Background: Early life exposures may be important in the development of asthma and allergic disease.
Objective: To test house dust mite (HDM) avoidance and dietary fatty acid modification, implemented throughout the first 5 years of life, as interventions to prevent asthma and allergic disease.
Methods: We recruited newborns with a family history of asthma antenatally and randomized them, separately, to HDM avoidance or control and to dietary modification or control. At age 5 years, they were assessed for asthma and eczema and had skin prick tests for atopy.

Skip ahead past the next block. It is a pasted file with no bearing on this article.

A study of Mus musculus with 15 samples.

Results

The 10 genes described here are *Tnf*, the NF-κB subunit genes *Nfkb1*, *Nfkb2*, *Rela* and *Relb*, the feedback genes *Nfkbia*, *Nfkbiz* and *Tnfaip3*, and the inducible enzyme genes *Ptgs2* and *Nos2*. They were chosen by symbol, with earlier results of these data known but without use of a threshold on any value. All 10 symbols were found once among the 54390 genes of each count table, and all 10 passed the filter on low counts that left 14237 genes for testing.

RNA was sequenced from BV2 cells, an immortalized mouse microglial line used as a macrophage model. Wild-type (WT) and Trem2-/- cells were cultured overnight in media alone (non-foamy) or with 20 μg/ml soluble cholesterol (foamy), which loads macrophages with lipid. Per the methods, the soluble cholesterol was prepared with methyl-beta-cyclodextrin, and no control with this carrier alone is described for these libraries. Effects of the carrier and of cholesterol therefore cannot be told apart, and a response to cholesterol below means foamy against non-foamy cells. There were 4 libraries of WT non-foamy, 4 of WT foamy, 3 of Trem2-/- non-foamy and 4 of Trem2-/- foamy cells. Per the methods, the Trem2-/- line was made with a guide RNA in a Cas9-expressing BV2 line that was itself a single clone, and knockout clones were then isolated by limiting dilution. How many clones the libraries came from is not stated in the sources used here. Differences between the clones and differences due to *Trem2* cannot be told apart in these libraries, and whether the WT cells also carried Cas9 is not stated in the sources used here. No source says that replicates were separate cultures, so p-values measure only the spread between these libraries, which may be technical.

Results: Of 616 children randomized, 516 (84%) were evaluated at age 5 years. The HDM avoidance intervention resulted in a 61% reduction in HDM allergen concentrations (microg/g dust) in the child's bed but no difference in the prevalence of asthma, wheeze, or atopy (P > .1). The prevalence of eczema was higher in the active HDM avoidance group (26% vs 19%; P = .06). The ratio of omega-6 to omega-3 fatty acids in plasma was lower in the active diet group (5.8 vs 7.4; P < .0001). However, the prevalence of asthma, wheezing, eczema, or atopy did not differ between the diet groups (P > .1).
Conclusion: Further research is required to establish whether other interventions can be recommended for the prevention of asthma and allergic disease.
Clinical implications: House dust mite avoidance measures and dietary fatty acid modification, as implemented in this trial during infancy and early childhood, did not prevent the onset of asthma, eczema, or atopy in high-risk children.